In the last few days before the Scottish referendum on the 18th of September 2014, Westminster politicians of all parties hurried up to Scotland in a last-ditch effort to save the union. Scots looked from Tory to Labourite, and from Labourite to Tory, and Tory to Labourite again, but to many, it was impossible to tell which was which. For the 45% of Scots who supported independence, Labour made few concessions, nor much effort to appeal to their nationalist instincts. In May 2015, 50% of Scots voted for the SNP, and won fifty-six of the fifty-nine Scottish seats. Scottish Labour were completely routed; their leader, Jim Murphy, failed to win his seat, and the shadow foreign secretary, Douglas Alexander, lost his seat to 21 year-old Mhairi Black.
Labour cannot make the same mistake with the European referendum. The party must realise that a sizeable chunk of their core support, especially working-class voters, are sceptical about Europe and about uncontrolled immigration. On the left of the party, there are concerns about the EU’s treatment of Greece and Portugal. Even on the centre-left of the party, who are most likely to support Britain’s continued membership of the European Union, many are worried about the EU’s lack of democracy and its protectionist tariffs on non-EU goods. Although the bulk of the MPs are firmly pro-EU, there is not so much consensus amongst Labour voters, and many of the voters who are sceptical are ‘soft’ Labour voters who could be persuaded by the offerings of other parties. Labour would be foolish to make the same mistake they made in Scotland: it must be seen as a party where eurosceptics do not feel as though the party is against them.
Lynton Crosby, the Conservatives’ PR guru, has a political strategy called the ‘wedge strategy’. It involves taking an issue which is divisive in an opposing party and ensuring that it is in the headlines to invoke in-fighting amongst the opposition. Crosby used this strategy during his time campaigning for the right-wing Liberal Party in Australia; he made asylum seekers the central issue of the electoral campaign because he knew that the right was united and had the support of the general public, whereas the left was deeply divided and risked tearing themselves apart over it. The Liberals won the election. There is a temptation for Labour to use Europe as a ‘wedge’ by highlighting their unity on the EU and wrecking further havoc amongst a divided Conservative Party. This would be an error.
Although the Conservatives are divided over the EU, they have done a lot to ensure that eurosceptics do not feel alienated as Conservatives voters or members. Even though there is some genuine dismay from the Tory leadership that Boris has decided to campaign to leave the European Union, it is also important for the Tories that they have prominent MPs open about wanting to leave. UKIP pose much less of a threat to the Conservative vote if voters remain keenly aware that there is not much love for Europe within the Conservative Party. Even amongst those MPs who have come out in favour of remaining in the European Union, it is often done ‘with a heavy heart’, as Sajid Javid wrote in his Mail on Sunday article about why he was supporting the Prime Minister. The Tories know that a lot of their core support is sceptical of the European Union, and Labour must know that, although their voters are less likely to vote Out, there are numbers of voters who will be turned off Labour if they appear too enthusiastically pro-EU.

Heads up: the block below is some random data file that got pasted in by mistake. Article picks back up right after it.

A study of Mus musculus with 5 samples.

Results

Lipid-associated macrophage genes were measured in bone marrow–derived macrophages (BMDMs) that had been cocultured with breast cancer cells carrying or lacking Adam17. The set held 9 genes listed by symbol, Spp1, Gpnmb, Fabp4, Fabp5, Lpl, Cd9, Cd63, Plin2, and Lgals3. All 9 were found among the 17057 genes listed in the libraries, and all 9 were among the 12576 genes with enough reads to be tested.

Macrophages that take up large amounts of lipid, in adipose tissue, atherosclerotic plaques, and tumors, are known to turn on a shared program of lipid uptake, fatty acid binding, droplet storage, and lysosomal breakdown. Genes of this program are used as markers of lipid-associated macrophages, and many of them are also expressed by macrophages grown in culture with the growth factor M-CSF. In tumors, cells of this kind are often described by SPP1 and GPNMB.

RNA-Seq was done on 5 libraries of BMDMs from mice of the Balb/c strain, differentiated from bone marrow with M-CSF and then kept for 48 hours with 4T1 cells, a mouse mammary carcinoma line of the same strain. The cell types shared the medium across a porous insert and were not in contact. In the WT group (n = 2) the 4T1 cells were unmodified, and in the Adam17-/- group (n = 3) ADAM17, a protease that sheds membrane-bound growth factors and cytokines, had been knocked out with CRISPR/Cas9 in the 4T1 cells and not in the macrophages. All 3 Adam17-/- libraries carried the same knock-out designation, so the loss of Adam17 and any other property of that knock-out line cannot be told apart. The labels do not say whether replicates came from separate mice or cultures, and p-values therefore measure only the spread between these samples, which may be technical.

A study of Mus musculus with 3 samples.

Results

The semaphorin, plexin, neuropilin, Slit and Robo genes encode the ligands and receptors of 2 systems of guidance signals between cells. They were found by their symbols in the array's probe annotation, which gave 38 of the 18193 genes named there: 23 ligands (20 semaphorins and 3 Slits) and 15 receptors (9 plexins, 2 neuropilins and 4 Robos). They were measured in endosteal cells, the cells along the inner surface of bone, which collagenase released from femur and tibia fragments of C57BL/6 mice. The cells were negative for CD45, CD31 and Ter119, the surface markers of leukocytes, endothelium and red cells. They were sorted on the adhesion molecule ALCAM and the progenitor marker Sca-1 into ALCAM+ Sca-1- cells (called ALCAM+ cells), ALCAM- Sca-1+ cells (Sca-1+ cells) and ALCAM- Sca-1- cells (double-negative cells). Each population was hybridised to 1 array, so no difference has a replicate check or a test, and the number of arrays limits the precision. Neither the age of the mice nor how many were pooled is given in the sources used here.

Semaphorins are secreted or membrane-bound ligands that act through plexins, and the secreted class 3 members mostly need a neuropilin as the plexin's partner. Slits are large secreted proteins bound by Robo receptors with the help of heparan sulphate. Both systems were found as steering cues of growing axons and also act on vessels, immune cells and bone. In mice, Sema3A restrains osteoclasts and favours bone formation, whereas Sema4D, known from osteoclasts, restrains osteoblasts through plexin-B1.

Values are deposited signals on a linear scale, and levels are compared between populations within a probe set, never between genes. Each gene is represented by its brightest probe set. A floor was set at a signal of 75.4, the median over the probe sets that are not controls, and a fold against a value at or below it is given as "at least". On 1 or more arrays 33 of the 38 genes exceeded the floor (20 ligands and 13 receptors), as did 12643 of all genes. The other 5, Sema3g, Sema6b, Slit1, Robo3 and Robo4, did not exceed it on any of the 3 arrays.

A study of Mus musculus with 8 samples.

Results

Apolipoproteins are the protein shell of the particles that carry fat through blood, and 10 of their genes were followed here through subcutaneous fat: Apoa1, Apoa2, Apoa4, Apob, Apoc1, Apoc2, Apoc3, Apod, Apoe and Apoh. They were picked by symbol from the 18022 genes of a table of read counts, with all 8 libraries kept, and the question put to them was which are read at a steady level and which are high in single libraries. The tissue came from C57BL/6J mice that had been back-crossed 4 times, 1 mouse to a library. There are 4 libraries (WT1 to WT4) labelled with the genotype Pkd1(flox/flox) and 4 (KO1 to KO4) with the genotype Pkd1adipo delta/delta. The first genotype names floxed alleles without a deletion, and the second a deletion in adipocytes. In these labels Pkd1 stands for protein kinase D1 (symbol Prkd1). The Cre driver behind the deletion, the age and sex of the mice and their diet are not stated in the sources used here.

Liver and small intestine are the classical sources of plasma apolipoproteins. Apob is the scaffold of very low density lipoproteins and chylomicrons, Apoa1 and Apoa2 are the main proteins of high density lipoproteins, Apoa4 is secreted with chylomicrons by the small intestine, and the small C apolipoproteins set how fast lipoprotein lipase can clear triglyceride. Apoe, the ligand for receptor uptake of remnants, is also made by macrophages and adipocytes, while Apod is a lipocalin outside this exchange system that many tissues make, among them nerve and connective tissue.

The Scottish referendum changed Scottish politics completely: the SNP went from a party with fewer than ten seats to over fifty. This should serve as a serious warning for those who assume that UKIP will decline as a political force after the European referendum. The referendum could indeed hurt UKIP, but it could also bolster them. It would be mutually beneficial for the Labour Party and the Leave Campaign to give Labour MPs some of the spotlight in the prelude to the referendum: The Leave Campaign would much more likely to capture left-wing people who are sceptical about Europe if they are seen not to simply be a clique of right-wing xenophobes, and Labour are much more likely to appeal to working-class eurosceptics if they allow their anti-EU MPs to campaign freely for Brexit. The Scottish referendum was a disaster for Labour; the EU referendum doesn’t need to be.